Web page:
The Trenton Community Day and Watershed Cleanup brought people out to George Page Park/Hetzel Field, working with volunteers to clean the Assunpink Creek and teach Trentonians about their woodland neighbors.

Shereyl Snyder, East Trenton Collaborative Community Organizer, helped create the event. “We’ve never collaborated like this before with all these organizations,” Snyder said. “The watershed comes out every year in Mercer County. They do a cleanup.” She explained that they wanted to make it a festival that would become a staple at the beginning of the summer season. “We did the clean up and later we focused on community… Come out for cheers, enjoy the live entertainment and free food.”

Manning the grill was Vincent Bridgett Sr., Executive Director and Founder of Trenton United Family Foundation, better known as TUFF. He was serving up hamburgers, cheeseburgers, and veggie burgers to anyone that came by.

“I was supposed to be a part of the cleanup, you know, but we couldn’t get anybody to get on the grill. So TUFF is out here. Just making a happy mixture to keep everybody happy. So that’s, that’s our contribution right now,” Bridgett said.

There were informational and fun tables run by Artworks Trenton, The Watershed Institute, Urban Promise, Isles, Delaware River Keepers, and Clean Water Action for residents to explore as they listened to music by Show Tyme and Devoura Wise.

“That part is very important, the connection… I mean just collaborating with different individuals. I’m meeting new people. So that’s very important for us,” Bridgett said.

“That’s what brought me to Trenton; community! We got the kids, we got organizations doing the work, and the Trenton Community needs to know these organizations. So here it is, bringing them together. We’re going to where they are instead of them having to go to the org. The org is here, the information is here. I love it,” Snyder said.

That was only half of the project. Before the festivities began, Trenton kids and residents came out to the Assunpink Creek and cleaned up over 200 pounds of trash to keep the stream inhabitable to the wildlife around there.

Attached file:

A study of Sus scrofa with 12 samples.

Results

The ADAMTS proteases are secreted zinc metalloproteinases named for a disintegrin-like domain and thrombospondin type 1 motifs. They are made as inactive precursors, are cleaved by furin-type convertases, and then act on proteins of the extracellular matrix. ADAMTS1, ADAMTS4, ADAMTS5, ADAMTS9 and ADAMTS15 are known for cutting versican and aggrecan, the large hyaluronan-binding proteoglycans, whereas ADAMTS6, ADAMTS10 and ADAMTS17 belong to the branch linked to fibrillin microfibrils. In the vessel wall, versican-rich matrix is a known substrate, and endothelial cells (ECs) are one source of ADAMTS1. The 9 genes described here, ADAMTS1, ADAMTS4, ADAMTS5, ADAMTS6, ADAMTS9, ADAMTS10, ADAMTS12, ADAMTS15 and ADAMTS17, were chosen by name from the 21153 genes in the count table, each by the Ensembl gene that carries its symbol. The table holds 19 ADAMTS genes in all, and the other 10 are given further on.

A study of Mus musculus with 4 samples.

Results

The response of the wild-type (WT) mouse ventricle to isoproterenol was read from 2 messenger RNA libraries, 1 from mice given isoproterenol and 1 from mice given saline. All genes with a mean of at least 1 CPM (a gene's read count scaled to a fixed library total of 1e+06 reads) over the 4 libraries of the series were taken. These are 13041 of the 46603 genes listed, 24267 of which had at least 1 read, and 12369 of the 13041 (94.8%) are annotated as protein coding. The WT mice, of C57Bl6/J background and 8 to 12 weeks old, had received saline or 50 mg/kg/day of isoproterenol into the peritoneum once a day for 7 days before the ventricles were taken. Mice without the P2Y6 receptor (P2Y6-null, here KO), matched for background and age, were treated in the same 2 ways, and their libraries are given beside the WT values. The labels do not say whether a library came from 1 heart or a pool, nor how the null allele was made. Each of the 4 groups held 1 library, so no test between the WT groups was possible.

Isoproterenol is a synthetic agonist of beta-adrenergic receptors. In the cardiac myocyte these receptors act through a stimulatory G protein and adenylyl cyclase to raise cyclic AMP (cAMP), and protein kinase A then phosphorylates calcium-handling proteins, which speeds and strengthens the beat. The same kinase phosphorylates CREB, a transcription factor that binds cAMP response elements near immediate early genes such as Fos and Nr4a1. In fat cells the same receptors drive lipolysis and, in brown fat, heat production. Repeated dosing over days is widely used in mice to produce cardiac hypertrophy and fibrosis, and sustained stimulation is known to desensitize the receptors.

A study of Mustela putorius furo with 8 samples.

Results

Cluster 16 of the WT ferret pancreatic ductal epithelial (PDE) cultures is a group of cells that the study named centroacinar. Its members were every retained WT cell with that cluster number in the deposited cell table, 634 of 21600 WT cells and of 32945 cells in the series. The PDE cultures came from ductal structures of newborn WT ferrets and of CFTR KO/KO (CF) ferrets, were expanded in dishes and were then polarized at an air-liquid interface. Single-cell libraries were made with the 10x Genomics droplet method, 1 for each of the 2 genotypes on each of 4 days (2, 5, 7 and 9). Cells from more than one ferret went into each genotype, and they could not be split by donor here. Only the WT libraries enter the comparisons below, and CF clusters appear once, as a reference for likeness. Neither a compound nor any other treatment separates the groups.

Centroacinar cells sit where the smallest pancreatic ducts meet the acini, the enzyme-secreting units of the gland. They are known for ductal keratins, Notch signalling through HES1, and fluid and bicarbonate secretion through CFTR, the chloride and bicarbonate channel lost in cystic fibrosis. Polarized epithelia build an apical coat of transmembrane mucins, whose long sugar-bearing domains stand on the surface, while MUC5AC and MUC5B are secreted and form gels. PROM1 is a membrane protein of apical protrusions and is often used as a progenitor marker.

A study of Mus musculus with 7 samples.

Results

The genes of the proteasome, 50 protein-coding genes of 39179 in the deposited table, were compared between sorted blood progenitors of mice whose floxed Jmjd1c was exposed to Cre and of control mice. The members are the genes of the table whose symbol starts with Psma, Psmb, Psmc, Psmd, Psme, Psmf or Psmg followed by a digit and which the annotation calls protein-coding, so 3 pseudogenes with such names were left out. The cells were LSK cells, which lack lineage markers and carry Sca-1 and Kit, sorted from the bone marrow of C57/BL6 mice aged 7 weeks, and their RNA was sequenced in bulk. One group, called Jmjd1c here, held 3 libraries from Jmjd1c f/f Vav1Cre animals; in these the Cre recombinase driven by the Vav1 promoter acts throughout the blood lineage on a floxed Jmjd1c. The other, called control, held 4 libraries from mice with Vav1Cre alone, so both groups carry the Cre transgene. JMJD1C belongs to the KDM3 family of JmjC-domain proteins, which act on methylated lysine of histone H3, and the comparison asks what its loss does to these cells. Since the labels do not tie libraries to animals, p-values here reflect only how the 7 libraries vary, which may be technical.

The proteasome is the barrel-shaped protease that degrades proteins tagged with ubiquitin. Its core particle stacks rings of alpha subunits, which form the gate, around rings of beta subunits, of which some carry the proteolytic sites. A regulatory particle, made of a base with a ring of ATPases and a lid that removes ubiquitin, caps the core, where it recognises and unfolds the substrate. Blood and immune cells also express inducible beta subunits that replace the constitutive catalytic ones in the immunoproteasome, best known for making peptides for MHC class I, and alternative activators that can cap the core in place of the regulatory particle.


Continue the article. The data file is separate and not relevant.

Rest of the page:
Olivia Spildooren, the River-Friendly coordinator, explained that this could be the first step for residents to take action to clean their environment.

“I think it is helping about bring awareness about different issues… I think people who live in Trenton already know the issues that they’re facing with water…but I think some people, they want to know solutions or just more about what they can do. So we’re hoping through this they can get connections with different groups that can help them…put something into action,” Spildooren said.

In addition to cleaning, Trenton residents were encouraged to come on a tour to discuss the importance of maintaining the Assunpink Creek. M’Kina Tapscott, Director of Artworks, helped set up the tour with Andrew Loyd, a volunteer at the Trenton Community Day.

“Andrew Lloyd and Shereyl Snider worked together with the watershed Institute in order to develop a storm water tour to show the importance of removing litter from the area…so that the drainage can stay free and help to alleviate flooding issues,” Tapscott said. “It’s really important to make sure that not only you can identify where your stormwater drainage is… but also to keep those spaces clean from litter because if they’re clogged with litter, then they can’t help to alleviate them.”

Loyd explained that they led the tour through the creek showing how it reacts to rising flood rates. “We talked about how the streets in the neighborhoods connect to the river, we talk about floodplains. How floodplains are natural, beautiful things that we shouldn’t really build on, but back in the day, we did.”

A floodplain is an area of land next to a river. The area around the river or stream experiences high amounts of flooding when the river exceeds its boundaries. Loyd explained that building on top of a floodplain can be dangerous to property owners.

“So now we got to take care of people’s property and their livelihood and their lives. So in this case, the answer would be to get the water to the river,” Loyd said.

This happens by a pipeline that takes excess water from the streets in the area and deposits it into the river, bringing trash from the streets and residents.

“We figured we would make that connection and talk about you know, why it’s important not to throw things down the drain because it doesn’t just disappear, it goes to the river,” Loyd said.